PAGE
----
It’s difficult to pinpoint the exact reason some films so efficiently get the cultural zeitgeist into a stranglehold. Often, it is merely a case of right film, right time, with Star Wars releasing at the dawn of the blockbuster crave and The Matrix capturing the frenetic energy of the promise of the new millennium with its technological vision. Though, for the Danish film director Nicolas Winding Refn, the success of Drive was lightning in a bottle, arriving with such stylish arrogance that it captured the attention of an audience baying for gritty realism.
“You don’t need to know the route. You give me a time and a place, I give you a five-minute window. Anything happens in that five minutes and I’m yours. No matter what,” Ryan Gosling’s mysteriously named ‘Driver’ utters in the film’s opening sequence. Staring out at the twilight world of Los Angeles from a high-rise building, he sports a silvery-white jacket embroidered with a bright yellow scorpion. He then proceeds to meticulously oversee a simple bank heist as the getaway driver, collecting a car from Bryan Cranston’s Shannon before carrying out the job itself in an understated, tense chase sequence.
It’s one of the greatest character introductions of contemporary cinema, presenting an individual shrouded in so much suffocating mystery, slick yet sophisticated, meticulous yet relaxed, he lands like intoxicating perfume. This is then punctuated by the introduction of the film’s iconic score, as ‘Nightcall’ by Kavinsky plays whilst the camera absorbs the neon-tinged spirit of the LA skyline. Produced by Daft Punk’s Guy-Manuel de Homem-Christo, ‘Nightcall’ would become the exemplary piece of an influential soundtrack that would help to usher in a new appreciation for the synth-wave genre, a style of music with origins in the style and spirit of ’80s culture.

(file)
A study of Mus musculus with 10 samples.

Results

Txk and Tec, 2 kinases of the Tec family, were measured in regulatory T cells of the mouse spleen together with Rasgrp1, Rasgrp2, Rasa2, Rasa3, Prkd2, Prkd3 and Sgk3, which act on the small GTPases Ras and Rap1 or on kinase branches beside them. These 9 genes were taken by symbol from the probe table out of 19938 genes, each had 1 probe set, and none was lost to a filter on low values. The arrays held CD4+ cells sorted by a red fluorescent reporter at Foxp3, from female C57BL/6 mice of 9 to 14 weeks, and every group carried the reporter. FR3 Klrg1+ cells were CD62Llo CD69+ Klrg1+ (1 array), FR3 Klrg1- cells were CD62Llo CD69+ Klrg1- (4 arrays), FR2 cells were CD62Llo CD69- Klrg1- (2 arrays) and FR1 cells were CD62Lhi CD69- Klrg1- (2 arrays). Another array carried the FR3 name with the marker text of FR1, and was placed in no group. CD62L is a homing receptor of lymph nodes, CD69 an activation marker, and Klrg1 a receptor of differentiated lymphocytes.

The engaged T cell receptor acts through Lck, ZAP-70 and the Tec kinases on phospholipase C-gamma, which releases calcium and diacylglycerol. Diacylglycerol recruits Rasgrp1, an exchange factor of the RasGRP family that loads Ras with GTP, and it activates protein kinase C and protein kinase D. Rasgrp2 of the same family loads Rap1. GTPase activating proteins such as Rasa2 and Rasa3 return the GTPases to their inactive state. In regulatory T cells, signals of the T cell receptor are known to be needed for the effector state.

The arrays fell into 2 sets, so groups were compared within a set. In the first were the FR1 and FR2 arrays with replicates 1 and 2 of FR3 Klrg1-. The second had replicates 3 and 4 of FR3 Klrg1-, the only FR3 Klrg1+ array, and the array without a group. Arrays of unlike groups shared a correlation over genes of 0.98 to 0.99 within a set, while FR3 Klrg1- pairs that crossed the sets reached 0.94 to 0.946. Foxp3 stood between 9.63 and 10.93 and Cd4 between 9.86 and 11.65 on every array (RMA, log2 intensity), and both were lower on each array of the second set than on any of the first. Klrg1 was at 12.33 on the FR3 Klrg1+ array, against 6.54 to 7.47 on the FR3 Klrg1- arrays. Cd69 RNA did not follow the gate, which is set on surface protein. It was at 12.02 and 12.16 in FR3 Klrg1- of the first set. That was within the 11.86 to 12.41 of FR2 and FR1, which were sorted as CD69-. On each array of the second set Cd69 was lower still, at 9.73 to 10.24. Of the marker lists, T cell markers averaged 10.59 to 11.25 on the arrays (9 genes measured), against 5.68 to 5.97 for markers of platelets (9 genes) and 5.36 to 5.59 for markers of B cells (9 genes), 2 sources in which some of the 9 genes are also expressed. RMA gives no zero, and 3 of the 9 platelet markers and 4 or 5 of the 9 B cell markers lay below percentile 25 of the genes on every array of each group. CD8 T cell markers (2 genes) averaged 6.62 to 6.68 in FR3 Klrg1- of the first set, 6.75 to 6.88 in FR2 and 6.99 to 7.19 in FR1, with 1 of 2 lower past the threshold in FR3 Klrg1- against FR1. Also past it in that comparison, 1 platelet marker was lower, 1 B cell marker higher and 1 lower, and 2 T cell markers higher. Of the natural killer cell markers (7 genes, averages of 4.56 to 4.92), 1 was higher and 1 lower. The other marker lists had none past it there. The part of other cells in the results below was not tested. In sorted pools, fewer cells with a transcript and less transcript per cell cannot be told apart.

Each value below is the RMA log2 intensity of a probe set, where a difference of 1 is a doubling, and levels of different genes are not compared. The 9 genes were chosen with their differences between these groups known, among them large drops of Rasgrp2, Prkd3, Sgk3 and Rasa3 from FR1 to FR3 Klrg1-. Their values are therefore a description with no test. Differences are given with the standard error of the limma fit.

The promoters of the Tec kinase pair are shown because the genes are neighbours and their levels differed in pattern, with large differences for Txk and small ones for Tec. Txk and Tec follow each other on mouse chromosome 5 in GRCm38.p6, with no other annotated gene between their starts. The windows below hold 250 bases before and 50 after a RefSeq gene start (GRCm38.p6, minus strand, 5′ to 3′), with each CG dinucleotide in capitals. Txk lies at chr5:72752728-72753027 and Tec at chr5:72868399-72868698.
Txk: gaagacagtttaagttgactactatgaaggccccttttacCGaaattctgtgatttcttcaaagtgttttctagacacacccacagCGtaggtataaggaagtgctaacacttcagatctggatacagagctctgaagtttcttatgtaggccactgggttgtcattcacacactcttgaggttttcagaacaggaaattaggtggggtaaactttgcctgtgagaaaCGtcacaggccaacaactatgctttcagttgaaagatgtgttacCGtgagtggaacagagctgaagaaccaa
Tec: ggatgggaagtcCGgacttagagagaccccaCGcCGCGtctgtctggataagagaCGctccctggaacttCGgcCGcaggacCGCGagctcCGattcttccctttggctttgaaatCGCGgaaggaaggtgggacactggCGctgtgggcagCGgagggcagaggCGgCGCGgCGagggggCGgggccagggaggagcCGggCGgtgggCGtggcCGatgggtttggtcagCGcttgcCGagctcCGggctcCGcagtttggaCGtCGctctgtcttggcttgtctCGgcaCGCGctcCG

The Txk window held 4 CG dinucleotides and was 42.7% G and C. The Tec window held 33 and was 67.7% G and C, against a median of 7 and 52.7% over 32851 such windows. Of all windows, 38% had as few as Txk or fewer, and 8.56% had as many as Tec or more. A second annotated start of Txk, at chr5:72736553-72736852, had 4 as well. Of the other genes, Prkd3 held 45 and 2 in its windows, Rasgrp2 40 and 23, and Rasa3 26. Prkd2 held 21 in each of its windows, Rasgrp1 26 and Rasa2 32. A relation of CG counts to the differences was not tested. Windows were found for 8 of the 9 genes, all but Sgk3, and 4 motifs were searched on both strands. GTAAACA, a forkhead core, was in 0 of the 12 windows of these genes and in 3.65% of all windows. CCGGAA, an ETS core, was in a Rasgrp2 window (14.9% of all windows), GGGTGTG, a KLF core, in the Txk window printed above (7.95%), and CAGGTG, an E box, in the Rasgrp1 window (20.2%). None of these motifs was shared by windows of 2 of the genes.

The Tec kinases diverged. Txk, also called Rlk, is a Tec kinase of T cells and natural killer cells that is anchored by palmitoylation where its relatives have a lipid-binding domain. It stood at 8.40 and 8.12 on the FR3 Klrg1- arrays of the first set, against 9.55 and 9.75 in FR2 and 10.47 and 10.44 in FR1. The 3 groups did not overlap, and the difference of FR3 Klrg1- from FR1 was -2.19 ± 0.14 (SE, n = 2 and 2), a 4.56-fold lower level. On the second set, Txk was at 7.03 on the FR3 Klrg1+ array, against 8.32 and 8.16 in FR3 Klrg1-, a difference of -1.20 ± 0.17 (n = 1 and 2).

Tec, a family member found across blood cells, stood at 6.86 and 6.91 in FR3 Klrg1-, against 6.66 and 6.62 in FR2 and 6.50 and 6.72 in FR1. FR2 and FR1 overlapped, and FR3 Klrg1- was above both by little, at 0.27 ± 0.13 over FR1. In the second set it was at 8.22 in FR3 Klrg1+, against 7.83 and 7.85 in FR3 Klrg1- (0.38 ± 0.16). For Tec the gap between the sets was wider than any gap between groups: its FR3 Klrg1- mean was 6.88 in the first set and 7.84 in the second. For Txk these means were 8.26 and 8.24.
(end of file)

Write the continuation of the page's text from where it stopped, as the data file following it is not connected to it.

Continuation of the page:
In itself inspired by 1980s cinema, with a recurring candy-pink font stripped from Paul Brickman’s Risky Business, Nicolas Winding Refn’s film became a slick, stylish cult classic made for a relative shoestring budget of $15 million. Eliciting the subtleties of an electric nostalgia for the 1980s became Drive’s most marketable asset, harking back to the narrative simplicities of old Hollywood whilst suffusing the film with its own unmistakable punk modernity.
With the hardy Pusher trilogy already under the director’s belt alongside the tough, expressive prison drama Bronson, starring Tom Hardy, Nicolas Winding Refn was well-prepared to imbue Drive with the same sense of frenzy and gritty steel. As if born from the same notebook as George Miller’s titular Mad Max, Refn’s lead character embodies this stylish energy of an enigmatic wanderer with a resilient sense of justice.
Just like Miller’s character, we are drawn to the Driver because of his mystery and the spontaneity of his devotion to newfound love Irene (Carey Mulligan) and her young child. Suddenly challenged with protecting their lives, Ryan Gosling’s character embodies the scorpion emblazoned on his jacket, stinging any predator who threatens their existence.
As it happens, Drive’s LA is infested with predators, incessant individuals thirsty for financial gain, attacking with carnal ferocity yet an oddly humanistic flair. The LA we see is neither fantasy nor reality; it is flitting between the two, reflecting a land so influenced by the glitz of Hollywood that it has convinced itself of its own daydream. The driver is not a superstar. The gangsters are not maniacal villains. Just like the ethereal nature of 1980s synth-wave, Drive exists on its own dreamlike plain where gritty reality and dreamlike spectacle coexist. Nicolas Winding Refn’s film succeeds so well by selling this nostalgic reverie to its audience.